World AIDS Day events
All World AIDS Day events at City Hall:
11 a.m. to 1 p.m. Presentation of Mayor Andy Berke’s World AIDS Day Proclamation. World AIDS Day tree ornament crafting. Tree on display through Dec. 7.
5 p.m. to 5:45 p.m. Memorial ceremony. Instrumental music by Robin Burke.
5:45 p.m. to 6 p.m. Candlelight procession to Chattanooga City Council
6 p.m. to 6:30 p.m. World AIDS Day Presentation to Chattanooga City Council
6:30 p.m. 8:30 p.m. World AIDS Day Program in the Veranda Room: world premiere of documentary, panel discussion, catering by Virginia College Culinary Arts
The Hunter Museum hosts events Sunday:
12 p.m. to 5 p.m. Chattanooga CARES mobile testing unit onsite; FACING AIDS project and pictures with Dab the AIDS Bear; local AIDS memorial quilts on display.
On Dec. 10 the Delta Sigma Theta Chattanooga Alumnae Chapter hosts a World AIDS Day program from 6 to 8 p.m. at Orchard Knob Missionary Baptist Church. Elder Jackie Hendricks of Jackson, Tenn., will be the speaker.
All events are free and open to the public.
Mark Grantham's doctor told him to get his affairs in order because he had HIV and six months to live.
That was 31 years ago.
Grantham outlived that doctor and still survives with HIV. Today, the Chattanooga resident plans to celebrate his survival and hopes that friends and family of people with HIV and other HIV survivors celebrate with him.
"We've come so far in tackling the epidemic," he said.
Twenty years ago, Grantham took 82 pills a day to manage HIV. Today, he takes one.
Grantham is featured in POZ — a magazine aimed at people who have tested positive for HIV and AIDS — as one of 100 long-term HIV survivors. He also will be among several participants in a citywide World AIDS Day commemoration today. Several groups in Chattanooga scheduled AIDS awareness events throughout the month.
Local events start at 11 a.m. with Chattanooga Mayor Andy Berke's World AIDS Day proclamation at City Hall, followed by a memorial ceremony and candlelight procession to the Chattanooga City Council. Chattanooga resident Mario Forte is scheduled to make a World AIDS Day presentation to city council. The day ends with a documentary and panel discussion.
Hunter Museum will host AIDS awareness events from noon to 5 p.m. Sunday. Delta Sigma Theta sorority will host an AIDS awareness program at Orchard Knob Missionary Baptist Church on Dec. 10.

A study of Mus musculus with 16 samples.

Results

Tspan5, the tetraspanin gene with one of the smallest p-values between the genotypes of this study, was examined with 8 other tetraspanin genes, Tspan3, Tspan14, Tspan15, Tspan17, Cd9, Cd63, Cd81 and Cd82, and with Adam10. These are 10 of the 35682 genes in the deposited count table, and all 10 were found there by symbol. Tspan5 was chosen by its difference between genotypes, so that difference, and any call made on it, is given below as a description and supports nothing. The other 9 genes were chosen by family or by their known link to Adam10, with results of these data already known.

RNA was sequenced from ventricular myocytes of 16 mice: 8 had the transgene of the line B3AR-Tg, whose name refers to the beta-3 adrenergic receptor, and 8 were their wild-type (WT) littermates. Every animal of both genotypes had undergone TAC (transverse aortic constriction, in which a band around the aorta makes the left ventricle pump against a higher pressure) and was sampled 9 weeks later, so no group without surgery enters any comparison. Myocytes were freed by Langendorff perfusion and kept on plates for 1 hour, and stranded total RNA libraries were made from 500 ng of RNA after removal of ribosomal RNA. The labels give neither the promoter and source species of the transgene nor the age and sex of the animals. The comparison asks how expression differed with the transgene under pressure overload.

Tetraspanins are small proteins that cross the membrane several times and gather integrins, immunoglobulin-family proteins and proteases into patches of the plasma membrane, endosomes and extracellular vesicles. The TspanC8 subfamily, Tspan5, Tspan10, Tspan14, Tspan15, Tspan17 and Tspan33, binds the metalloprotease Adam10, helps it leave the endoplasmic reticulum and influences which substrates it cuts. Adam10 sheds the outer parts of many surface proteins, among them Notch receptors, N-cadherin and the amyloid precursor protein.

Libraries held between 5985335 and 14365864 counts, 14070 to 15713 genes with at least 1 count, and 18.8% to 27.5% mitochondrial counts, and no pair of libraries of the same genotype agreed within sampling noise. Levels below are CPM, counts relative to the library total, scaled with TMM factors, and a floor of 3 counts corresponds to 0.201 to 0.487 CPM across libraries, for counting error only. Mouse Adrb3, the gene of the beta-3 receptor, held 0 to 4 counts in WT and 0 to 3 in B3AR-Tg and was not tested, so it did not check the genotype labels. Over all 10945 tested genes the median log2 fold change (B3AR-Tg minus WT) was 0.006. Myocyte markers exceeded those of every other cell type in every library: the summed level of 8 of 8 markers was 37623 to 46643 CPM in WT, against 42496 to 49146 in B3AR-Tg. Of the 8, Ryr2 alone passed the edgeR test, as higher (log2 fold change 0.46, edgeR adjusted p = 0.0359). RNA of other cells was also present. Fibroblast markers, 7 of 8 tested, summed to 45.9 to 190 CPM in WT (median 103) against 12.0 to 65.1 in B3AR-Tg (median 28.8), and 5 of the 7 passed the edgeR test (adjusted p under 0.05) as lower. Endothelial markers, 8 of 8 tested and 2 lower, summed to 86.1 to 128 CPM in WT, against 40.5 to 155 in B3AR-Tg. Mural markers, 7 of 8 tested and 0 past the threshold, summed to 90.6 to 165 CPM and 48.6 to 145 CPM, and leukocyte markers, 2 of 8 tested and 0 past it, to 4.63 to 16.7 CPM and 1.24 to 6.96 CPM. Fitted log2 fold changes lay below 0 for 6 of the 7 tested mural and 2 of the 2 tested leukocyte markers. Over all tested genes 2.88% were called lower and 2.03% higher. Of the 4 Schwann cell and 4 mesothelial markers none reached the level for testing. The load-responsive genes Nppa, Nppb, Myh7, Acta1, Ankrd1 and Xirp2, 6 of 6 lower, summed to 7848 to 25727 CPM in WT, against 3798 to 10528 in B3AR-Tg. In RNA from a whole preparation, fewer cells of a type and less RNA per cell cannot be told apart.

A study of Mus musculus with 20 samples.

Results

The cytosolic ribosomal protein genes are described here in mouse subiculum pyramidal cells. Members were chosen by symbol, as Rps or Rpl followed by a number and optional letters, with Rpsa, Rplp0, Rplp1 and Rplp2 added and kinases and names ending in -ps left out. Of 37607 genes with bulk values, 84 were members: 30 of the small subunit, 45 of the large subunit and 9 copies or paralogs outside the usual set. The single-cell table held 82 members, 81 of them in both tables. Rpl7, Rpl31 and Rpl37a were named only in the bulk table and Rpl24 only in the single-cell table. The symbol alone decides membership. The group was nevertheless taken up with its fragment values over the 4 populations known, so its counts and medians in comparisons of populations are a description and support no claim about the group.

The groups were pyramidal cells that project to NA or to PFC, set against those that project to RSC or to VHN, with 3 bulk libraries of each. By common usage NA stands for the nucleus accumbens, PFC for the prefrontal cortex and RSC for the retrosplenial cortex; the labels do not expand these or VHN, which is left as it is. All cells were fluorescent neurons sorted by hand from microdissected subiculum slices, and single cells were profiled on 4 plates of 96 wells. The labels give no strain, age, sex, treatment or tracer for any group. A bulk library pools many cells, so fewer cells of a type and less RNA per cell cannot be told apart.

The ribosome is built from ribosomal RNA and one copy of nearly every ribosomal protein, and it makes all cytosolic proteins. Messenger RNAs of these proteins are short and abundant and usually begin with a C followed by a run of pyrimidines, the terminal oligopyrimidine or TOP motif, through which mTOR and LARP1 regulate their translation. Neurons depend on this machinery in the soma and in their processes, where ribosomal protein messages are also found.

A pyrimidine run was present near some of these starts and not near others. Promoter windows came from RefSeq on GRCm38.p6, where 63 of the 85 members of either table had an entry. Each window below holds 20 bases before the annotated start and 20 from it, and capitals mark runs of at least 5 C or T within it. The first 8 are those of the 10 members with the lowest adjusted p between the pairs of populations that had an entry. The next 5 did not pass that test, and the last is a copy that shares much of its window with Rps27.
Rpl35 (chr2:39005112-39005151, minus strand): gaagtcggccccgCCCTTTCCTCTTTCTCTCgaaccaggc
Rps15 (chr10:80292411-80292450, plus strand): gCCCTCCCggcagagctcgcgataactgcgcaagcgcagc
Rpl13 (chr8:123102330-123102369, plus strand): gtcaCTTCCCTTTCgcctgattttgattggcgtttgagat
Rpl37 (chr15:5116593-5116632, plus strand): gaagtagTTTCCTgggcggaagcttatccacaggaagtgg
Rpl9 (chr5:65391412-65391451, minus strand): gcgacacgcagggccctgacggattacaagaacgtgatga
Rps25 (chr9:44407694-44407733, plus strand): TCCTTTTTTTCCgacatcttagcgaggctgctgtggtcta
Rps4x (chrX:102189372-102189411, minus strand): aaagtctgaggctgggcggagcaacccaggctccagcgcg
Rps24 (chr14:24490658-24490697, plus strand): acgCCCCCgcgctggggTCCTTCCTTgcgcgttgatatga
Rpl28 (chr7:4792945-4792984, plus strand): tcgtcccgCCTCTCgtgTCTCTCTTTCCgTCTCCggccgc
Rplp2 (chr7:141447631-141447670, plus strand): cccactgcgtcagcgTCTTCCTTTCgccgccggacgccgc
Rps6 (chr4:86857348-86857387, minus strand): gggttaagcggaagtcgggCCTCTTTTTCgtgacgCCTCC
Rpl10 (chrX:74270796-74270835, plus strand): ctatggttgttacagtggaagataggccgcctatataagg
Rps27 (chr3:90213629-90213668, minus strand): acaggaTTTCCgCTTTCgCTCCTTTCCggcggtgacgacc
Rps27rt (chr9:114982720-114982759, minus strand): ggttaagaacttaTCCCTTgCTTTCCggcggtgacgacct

"People worldwide and locally will unite to fight AIDS and HIV and show support for people living with HIV and to commemorate those we have lost," said Cory Howard, communications director at Chattanooga Cares.
Some 939 people live with HIV in Hamilton County, according to the Chattanooga Cares website.
The virus infects 1.2 million people in the United States, and 14 percent of them don't know they're infected, according to the site.
World AIDS Day also promotes awareness about HIV and AIDS.
While medical advances help people with HIV and AIDS live longer, they still face a negative stigma and some people may experience isolation, Grantham said.
He dislikes when people refer to themselves as "clean" when they don't have HIV.
"Typically, people with the virus would never use that terminology. " Grantham said. "I might have a virus, but I took a bath, washed my face, brushed my teeth. So yeah I'm clean.
To challenge the stigma some people have about HIV/AIDS. people with the virus will volunteer to walk with their eyes closed and arms outstretched carrying a sign stating that they are HIV Positive and encouraging people they encounter to touch them. The exercise is to see people's response, said Jennifer A. Martin, consortia coordinator for the Southeast Tennessee Development District, which coordinated the local Word AIDS Day events.
Grantham said attention from President Barack Obama has helped decrease the stigma for people with AIDS. Obama committed nearly $50 billion to the U.S. Presidents's Emergency Plan AIDS relief for a worldwide coordinated plan to control the spread of HIV.
Contact staff writer Yolanda Putman at firstname.lastname@example.org or 757-6431.